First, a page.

Getting and Setting Tracker Data

Getting and setting field data on a tracker sometimes requires having a reference to the tracker object itself. Since commands added to the ga() command queue execute asynchonously and do not return a value, and since trackers are most commonly created using the create command, getting a reference to a tracker object requires waiting until after the create command has been executed. You can do this via the ready callback.

The ready callback

The ready callback is a function that you can add to the ga() command queue. The function will be invoked as soon as the analytics.js library is fully loaded, and all previous commands added to the queue have been executed.

Since all commands to the queue are executed in order, adding a ready callback to the queue after adding a create command will ensure that the ready callback is executed after the tracker has been created. If a default tracker has been created when a ready callback is invoked, it is passed as the callback's first (and only) argument.

The following code shows how to access the default tracker object and log it to the console:

ga('create', 'UA-XXXXX-Y', 'auto');

ga(function(tracker) {
  // Logs the tracker created above to the console.

Getting trackers via ga Object methods

If you're not using a default tracker, or if you have more than one tracker on the page, you can access those trackers via one of the ga object methods.

Once the analytics.js library is fully loaded, it adds additional methods to the ga object itself. Two of those methods, getByName and getAll, are used to access tracker objects.


If you know the name of the tracker you want to access, you can do so using the getByName method:

ga('create', 'UA-XXXXX-Y', 'auto', 'myTracker');

ga(function() {
  // Logs the "myTracker" tracker object to the console.


To get an array of all created trackers, use the getAll method:

ga('create', 'UA-XXXXX-Y', 'auto', 'tracker1');
ga('create', 'UA-XXXXX-Z', 'auto', 'tracker2');

ga(function() {
  // Logs an array of all tracker objects.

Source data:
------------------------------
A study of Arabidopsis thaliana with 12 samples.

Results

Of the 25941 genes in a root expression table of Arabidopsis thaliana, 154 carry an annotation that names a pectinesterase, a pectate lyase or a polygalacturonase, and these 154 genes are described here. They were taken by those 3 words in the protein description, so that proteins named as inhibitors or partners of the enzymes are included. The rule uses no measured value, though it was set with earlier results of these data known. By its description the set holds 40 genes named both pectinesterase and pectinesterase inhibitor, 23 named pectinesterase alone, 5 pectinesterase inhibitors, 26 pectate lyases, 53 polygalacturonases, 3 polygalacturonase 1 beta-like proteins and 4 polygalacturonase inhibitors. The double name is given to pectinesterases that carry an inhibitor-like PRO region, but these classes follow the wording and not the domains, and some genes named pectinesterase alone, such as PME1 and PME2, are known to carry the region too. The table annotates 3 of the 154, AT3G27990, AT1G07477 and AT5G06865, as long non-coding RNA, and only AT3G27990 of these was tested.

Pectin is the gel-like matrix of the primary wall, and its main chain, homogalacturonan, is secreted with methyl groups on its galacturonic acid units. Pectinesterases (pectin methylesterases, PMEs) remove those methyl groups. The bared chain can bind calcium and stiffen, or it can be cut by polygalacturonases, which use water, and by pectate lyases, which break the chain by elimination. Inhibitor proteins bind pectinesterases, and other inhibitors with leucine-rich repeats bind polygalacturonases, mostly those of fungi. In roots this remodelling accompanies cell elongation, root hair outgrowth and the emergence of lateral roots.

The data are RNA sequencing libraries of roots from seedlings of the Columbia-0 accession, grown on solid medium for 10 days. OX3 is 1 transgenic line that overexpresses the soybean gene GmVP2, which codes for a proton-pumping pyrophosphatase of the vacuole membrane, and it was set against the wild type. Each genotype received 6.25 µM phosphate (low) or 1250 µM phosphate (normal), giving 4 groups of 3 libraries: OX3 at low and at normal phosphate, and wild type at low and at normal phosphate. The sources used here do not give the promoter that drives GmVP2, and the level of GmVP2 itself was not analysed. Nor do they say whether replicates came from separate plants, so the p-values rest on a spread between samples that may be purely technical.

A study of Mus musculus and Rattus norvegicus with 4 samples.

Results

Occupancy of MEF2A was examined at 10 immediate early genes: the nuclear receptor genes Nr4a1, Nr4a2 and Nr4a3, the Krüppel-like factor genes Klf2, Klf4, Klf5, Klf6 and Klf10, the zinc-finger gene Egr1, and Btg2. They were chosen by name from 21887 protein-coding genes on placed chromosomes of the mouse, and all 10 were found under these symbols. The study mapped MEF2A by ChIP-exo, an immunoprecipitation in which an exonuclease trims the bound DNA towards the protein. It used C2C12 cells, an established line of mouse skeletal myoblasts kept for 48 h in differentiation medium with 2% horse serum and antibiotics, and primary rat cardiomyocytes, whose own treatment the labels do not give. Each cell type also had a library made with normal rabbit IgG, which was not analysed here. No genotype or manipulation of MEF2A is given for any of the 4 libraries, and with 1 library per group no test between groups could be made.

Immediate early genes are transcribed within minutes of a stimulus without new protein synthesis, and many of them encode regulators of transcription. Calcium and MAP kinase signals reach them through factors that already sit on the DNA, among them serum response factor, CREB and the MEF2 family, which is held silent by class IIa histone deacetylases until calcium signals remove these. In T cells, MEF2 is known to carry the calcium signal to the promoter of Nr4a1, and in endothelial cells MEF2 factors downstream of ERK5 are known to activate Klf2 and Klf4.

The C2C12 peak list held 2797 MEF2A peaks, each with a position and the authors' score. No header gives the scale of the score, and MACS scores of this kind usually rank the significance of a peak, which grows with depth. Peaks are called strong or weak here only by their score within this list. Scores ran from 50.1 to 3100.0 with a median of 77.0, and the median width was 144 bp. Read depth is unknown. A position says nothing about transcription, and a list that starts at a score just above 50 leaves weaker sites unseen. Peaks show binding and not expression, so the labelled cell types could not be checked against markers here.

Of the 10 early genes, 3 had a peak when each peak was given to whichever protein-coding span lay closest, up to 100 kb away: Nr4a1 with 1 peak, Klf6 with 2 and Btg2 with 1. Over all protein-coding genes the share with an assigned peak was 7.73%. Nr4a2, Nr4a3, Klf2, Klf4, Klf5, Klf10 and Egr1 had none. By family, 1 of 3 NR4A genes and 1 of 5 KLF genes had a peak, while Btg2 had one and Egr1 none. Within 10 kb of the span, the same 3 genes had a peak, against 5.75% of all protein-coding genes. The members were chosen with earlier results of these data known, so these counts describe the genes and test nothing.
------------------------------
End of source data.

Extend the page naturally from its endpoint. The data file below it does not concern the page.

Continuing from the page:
Getting data stored on a tracker

Once you have a reference to a tracker object, you can use its get method to access the value of any field currently stored on the tracker.

ga('create', 'UA-XXXXX-Y', 'auto');

ga(function(tracker) {
  // Logs the trackers name.
  // (Note: default trackers are given the name "t0")

  // Logs the client ID for the current user.

  // Logs the URL of the referring site (if available).

Updating tracker data

Tracker objects can be updated using the set method. A tracker's set method can be called on a tracker object itself or by adding a set command to the ga() command queue.

Since getting a reference to a tracker object requires using the ready callback, using the ga() command queue is the recommended way to update a tracker.

Using the ga() command queue

The set command can be invoked in two ways: by passing two parameters, a field and its corresponding value, or by passing an object of field/value pairs.

The following example sets the page field to '/about' on the default tracker:

ga('set', 'page', '/about');

This example sets the page and title fields at the same time:

ga('set', {
  page: '/about',
  title: 'About Us'

Using a named tracker

If you're using a named tracker instead of the default tracker, you can pass its name in the command string.

The following call sets the page field on the tracker named "myTracker":

ga('myTracker.set', 'page', '/about');

On the tracker object itself

If you have a reference to the tracker object, you can call that tracker's set method directly:

ga(function(tracker) {
  tracker.set('page', '/about');

Ampersand syntax

Tracker fields are usually get and set using their field names. (Refer to the field reference for a complete list of analytics.js fields and their names.)

An alternative way to get and set fields is to refer to them by their corresponding Measurement Protocol parameter names names.

For example, the following two console.log expressions both log the document title to the console:

ga(function(tracker) {
  // Gets the title using the analytics.js field name.

  // Gets the title using the measurement protocol
  // parameter name, prefixed with an ampersand.

In general, ampersand syntax is not recommended and should only be used when the analytics.js field name for a Measurement Protocol parameter does not exist (this occassionally happens if a new feature is added to the Measurement Protocol before it is implemented in analytics.js).

Next steps

Now that you know how to create trackers and update the data stored on them, the next step is to learn how to send that data to Google Analytics for processing.